One regression estimates that the optimum number of lawyers is 23 per 1000 workers. The U.S. has 38; Japan, 20; Germany, 27; France, 7; Hong Kong, 7; U.K., 12; Spain, 33; India, 34; Chile, 47.
Stephen P. Magee and William A. Brock. 1984. "The Invisible Foot and the Waste of Nations: Redistribution and Economic Growth." in David C. Colander, ed. Neoclassical Political Economy: The Analysis of Rent-seeking and DUP Activities (Cambridge, MA: Ballinger): pp. 177-85.
According to an estimate during the 1980s, lawyers constitute 42% of the House; 61% of the Senate.
Here is the article:
Onishi, Norimitsu. 2008. "Lawyers in Rural Japan: Low Supply, Iffy Demand." New York Times (29 July).
The article describes the arrival of a lawyer, Katsumune Hirai, to Yakumo, a northern Japanese town, population 19,743, had never had a lawyer before. Few people seem interested in his services.
Japan, in contrast to the United States, has long suffered from a shortage of lawyers, especially in the countryside. If it was not unusual for towns with five times Yakumo's population to have no lawyer, how could Yakumo hope to secure one just for itself? And yet, thanks to a national campaign to raise the number of lawyers, and to dispatch them to lawyerless corners of Japan, Yakumo welcomed its first one in April. The Yakumo Legal Office opened shop, behind gray blinds and under blue awnings, in the square facing the train station.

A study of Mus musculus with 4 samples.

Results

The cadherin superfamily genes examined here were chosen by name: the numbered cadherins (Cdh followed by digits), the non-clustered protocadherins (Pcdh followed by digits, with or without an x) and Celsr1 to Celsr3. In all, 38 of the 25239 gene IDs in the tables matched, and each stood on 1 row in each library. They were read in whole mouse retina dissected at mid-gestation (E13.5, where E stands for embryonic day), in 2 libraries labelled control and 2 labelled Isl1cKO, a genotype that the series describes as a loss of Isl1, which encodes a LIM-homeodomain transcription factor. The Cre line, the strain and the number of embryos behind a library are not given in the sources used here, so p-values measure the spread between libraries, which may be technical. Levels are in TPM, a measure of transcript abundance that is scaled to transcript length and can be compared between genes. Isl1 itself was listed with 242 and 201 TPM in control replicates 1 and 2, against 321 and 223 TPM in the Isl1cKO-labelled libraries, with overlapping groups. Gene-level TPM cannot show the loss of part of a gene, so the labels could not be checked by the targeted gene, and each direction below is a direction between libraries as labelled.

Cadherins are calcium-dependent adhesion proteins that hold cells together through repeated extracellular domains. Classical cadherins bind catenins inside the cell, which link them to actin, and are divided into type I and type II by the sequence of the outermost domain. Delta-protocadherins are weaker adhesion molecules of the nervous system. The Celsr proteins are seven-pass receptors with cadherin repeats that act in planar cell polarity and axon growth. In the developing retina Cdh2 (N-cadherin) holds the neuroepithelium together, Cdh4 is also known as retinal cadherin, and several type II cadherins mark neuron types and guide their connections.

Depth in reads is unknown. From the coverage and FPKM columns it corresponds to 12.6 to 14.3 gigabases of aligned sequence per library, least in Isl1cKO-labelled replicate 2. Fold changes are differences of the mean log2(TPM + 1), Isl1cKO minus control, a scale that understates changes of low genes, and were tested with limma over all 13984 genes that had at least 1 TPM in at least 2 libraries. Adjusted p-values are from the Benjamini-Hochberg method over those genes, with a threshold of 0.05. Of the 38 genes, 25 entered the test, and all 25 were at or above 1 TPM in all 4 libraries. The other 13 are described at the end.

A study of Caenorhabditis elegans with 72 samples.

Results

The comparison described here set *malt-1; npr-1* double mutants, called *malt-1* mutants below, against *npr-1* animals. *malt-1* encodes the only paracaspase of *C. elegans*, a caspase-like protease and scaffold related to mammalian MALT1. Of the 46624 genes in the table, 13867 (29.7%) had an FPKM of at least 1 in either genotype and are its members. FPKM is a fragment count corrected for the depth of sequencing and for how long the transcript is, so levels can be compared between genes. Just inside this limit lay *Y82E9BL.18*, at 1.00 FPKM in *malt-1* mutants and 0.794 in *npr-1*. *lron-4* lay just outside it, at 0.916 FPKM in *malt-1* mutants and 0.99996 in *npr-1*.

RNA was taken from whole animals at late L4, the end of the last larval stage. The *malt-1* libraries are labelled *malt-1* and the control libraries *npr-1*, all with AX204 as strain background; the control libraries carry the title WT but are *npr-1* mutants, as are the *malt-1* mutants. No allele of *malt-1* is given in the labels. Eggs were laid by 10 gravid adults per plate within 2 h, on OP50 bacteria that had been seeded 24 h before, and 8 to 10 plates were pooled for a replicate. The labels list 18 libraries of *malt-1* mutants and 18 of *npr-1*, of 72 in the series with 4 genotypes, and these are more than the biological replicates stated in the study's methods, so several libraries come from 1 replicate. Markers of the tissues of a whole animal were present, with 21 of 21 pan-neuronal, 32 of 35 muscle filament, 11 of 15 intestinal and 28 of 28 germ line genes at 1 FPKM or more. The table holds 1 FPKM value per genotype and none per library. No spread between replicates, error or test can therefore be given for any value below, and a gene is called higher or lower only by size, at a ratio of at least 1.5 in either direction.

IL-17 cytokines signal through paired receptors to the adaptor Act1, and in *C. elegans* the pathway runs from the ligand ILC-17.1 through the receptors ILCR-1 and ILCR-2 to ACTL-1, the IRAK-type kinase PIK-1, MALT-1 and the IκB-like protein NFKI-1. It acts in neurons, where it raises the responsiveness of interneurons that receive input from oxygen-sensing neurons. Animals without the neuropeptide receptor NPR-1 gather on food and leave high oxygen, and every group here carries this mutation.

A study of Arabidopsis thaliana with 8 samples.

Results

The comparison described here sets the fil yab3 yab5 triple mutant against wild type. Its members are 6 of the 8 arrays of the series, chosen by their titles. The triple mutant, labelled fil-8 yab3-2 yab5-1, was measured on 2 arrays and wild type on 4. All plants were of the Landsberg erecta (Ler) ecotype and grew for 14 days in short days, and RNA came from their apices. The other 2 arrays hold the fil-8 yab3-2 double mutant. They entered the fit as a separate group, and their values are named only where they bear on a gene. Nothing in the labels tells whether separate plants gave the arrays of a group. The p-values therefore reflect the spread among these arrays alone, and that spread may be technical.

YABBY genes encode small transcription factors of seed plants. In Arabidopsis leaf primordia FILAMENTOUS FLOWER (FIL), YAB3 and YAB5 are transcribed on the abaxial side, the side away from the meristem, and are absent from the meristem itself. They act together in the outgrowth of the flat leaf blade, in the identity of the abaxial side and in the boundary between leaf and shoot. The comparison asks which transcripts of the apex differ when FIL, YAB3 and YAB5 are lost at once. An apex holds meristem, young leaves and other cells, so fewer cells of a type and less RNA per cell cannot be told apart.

... half of Japan's lawyers are concentrated in Tokyo, leaving only one lawyer for every 30,000 Japanese outside the capital, according to the federation. The Japanese government is trying to increase the number of lawyers as part of broader judicial reforms that have included establishing 74 law schools since 2004. Under the system that will be abolished in 2011, anyone could take the national bar exam, though it was so difficult that the annual pass rate was about 3 percent.